Why is my new cat not using the litter box?


Here are the main reasons cats don’t use their litter box:

  • Litter box location: Cats prefer a quiet and low-stress location.
  • Competition: The new cat may be hesitant to use the other cats litter tray (tip: use one litter box per cat plus one).
  • Litter box size: Cats prefer larger size cat litter boxes (tip: aim for 1.5x the size of the cat).
  • Cat litter type: Cats prefer small granular litter and may prefer to use unscented litter (tip: compare original litter side-by-side with a different type of litter).
  • Cleanliness: A cat doesn’t like to use a soiled tray. Make sure to clean it out daily.
  • High sides: Litter boxes with high sides are great to stop tracking, but are problematic for older cats with joint issues.
  • Neutering status: Unneutered male cats are more likely to mark outside the litter box.
  • Medical issues: Urinary tract infections, bladders and other health issues can cause cats to stop using the litter boxes.
  • Bad smells: Ammonia based cleaners smell like urine and can put cats off. Try chlorine based products instead.

Start by observing your cats behavior and preference.

Make small changes. Clean the litter more often, adjust location, and have one cat litter box per cat plus one.

Consult a vet to rule out medical problems, if those strategies don’t help.

Read on for more info about this issue.

Infographic: Why is my new cat not using the litter box?

Reasons Your Cat Has Litter Box Problems

So your cat is peeing and/or pooing outside the box.

You want take a systematic approach to finding what causes the problem.

Here’s a step-by-step guide on what to do:

Litter Box Preferences

Your cat may not want to use the litter box due to:

Did those strategies help?

If not…

Litter Type Preferences

Some cats prefer smaller size granule litter over long pellets.

I found a moderate correlation between smaller, rounder and lighter litter shape with my kittens wanting to use it.

Experiment with different types. Unscented clumping litter is a good choice for most.

Hot tip:

Compare options side-by-side to find what kittens prefer most.

If that doesn’t help…

Two trays of cat litter side-by-side. This can help find out what cats prefer most.

Household Stress

New cats take time to adjust to their surroundings.

Being around new pets, people, furniture, smells and sights takes cats out of their comfort zones.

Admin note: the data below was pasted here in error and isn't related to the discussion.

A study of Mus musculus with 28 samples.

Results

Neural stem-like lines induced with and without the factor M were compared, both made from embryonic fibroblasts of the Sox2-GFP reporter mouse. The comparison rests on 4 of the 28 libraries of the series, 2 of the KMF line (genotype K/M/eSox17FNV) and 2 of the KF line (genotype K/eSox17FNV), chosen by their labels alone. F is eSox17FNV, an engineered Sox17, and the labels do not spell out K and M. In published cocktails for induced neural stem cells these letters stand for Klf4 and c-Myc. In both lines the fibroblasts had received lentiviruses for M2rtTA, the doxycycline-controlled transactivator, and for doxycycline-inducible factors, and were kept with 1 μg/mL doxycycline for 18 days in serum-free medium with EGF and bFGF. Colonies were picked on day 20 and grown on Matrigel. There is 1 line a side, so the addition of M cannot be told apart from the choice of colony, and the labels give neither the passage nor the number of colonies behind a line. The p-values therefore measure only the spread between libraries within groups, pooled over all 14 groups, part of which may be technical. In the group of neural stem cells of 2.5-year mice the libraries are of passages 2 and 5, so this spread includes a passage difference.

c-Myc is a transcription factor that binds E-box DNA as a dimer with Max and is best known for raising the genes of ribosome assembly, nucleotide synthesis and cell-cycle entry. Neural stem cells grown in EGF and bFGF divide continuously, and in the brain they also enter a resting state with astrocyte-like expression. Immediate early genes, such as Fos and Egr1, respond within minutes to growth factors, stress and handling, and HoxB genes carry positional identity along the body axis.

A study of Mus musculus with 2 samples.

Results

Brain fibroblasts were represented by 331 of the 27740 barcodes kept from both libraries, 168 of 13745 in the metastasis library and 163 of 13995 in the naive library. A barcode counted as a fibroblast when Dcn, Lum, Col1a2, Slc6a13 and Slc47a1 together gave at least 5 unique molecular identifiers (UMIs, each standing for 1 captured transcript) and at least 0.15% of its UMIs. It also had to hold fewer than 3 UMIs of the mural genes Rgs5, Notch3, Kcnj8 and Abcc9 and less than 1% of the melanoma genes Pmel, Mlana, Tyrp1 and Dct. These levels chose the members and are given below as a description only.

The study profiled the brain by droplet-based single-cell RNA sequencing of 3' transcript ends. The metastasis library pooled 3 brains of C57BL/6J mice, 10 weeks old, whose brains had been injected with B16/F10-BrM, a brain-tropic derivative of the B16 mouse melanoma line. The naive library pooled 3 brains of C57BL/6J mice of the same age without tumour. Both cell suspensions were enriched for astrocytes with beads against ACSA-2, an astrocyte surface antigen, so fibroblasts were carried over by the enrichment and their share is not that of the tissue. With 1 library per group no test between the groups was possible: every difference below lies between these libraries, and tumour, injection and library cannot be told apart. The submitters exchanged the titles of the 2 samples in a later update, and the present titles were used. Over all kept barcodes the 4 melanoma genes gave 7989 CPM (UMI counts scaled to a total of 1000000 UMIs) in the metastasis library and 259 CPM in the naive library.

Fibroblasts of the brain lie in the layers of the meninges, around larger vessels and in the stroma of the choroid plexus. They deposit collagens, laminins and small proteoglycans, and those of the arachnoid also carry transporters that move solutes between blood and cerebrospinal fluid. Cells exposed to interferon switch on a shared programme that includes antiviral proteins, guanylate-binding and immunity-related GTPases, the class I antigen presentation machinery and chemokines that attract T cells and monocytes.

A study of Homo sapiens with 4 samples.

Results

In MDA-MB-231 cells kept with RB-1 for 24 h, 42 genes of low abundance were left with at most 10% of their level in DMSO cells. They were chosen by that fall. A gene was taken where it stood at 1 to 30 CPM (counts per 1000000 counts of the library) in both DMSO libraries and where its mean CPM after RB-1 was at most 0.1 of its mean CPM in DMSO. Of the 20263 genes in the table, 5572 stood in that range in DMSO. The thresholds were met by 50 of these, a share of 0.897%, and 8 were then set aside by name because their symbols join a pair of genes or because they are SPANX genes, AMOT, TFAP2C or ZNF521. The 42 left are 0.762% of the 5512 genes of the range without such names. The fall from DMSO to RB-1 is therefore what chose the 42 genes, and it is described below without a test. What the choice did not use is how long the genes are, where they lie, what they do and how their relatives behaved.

Make sure the litter box is in a place your cat feels safe and can access easily. Consider a safe room for new cats to help get your cat to use their litter tray.

If that doesn’t help…

Behavioral Problems

Take note of when and where your cat is pooping outside the litter box, or peeing.

If their just peeing and spraying on vertical surfaces, it can be a sign of marking behavior.

This is common in unneutered male cats. They do it to advertise themselves to other cats.

Are they meowing whilst going to the toilet?

That’s a sign your cat is trying to tell you something is wrong (either they don’t like the condition of the litter box, or they have a problem like constipation).

Medical Problems and Inappropriate Elimination

If none of those strategies help, see a vet.

They’ll help rule out any medical issues including:

  • Urinary tract infections
  • Kidney issues
  • Constipation
  • Arthritis
  • Diarrhea

These issues typically make it painful use a litter box.

If that doesn’t help, consider an animal behaviorist.

Negative association with the box are potentially difficult problems to solve by yourself.

Declawing and litter box issues

Removing a cats claws can lead to pain and they can stop using their litter.

A 2018 study found a 4 times higher risk of declawed cats toileting outside their litter box.

The procedure can cause fragments in the phalanges of the paw which increase pain. Harder litter can simply be too painful to step on and lead to avoidance.

Old age

Up to 60% of cats have osteoarthritis in at least one limb.

As cats age, the risk of problems affecting mobility. Not using the litter box is one of the first signs that your cat is having trouble.

Ramps are helpful solutions for older cats to get near their litter box with less struggle.

What if My Cat hasn’t used the litter box in 24 hours?

If your cat isn’t using the litter box or toileting at all, it’s a sign of a medical problem.

Look for other signs of illness including:

  • Vomiting
  • Lethargy
  • Loss of appetite

Search for hidden places a cat may have gone. If your cat continues to stop using their litter boxes, see a vet.

Final Thoughts

Some reasons why your cat is going outside of the box include:

  • Competition with existing house cat
  • Certain litter types (e.g. hard long pellets)
  • Age related changes (e.g. arthritis)
  • Household stress (e.g. young children)
  • No dedicated box for each cat
  • Not scooping the litter box daily
  • Using too small a litter tray
  • Medical issues (e.g. constipation)
  • Marking behavior (common in unneutered cats)
  • Pain (declawing can increase pain)

Try a different litter, new box and new location. If simple fixes don’t work, or your cat shows symptoms of illness, see a vet.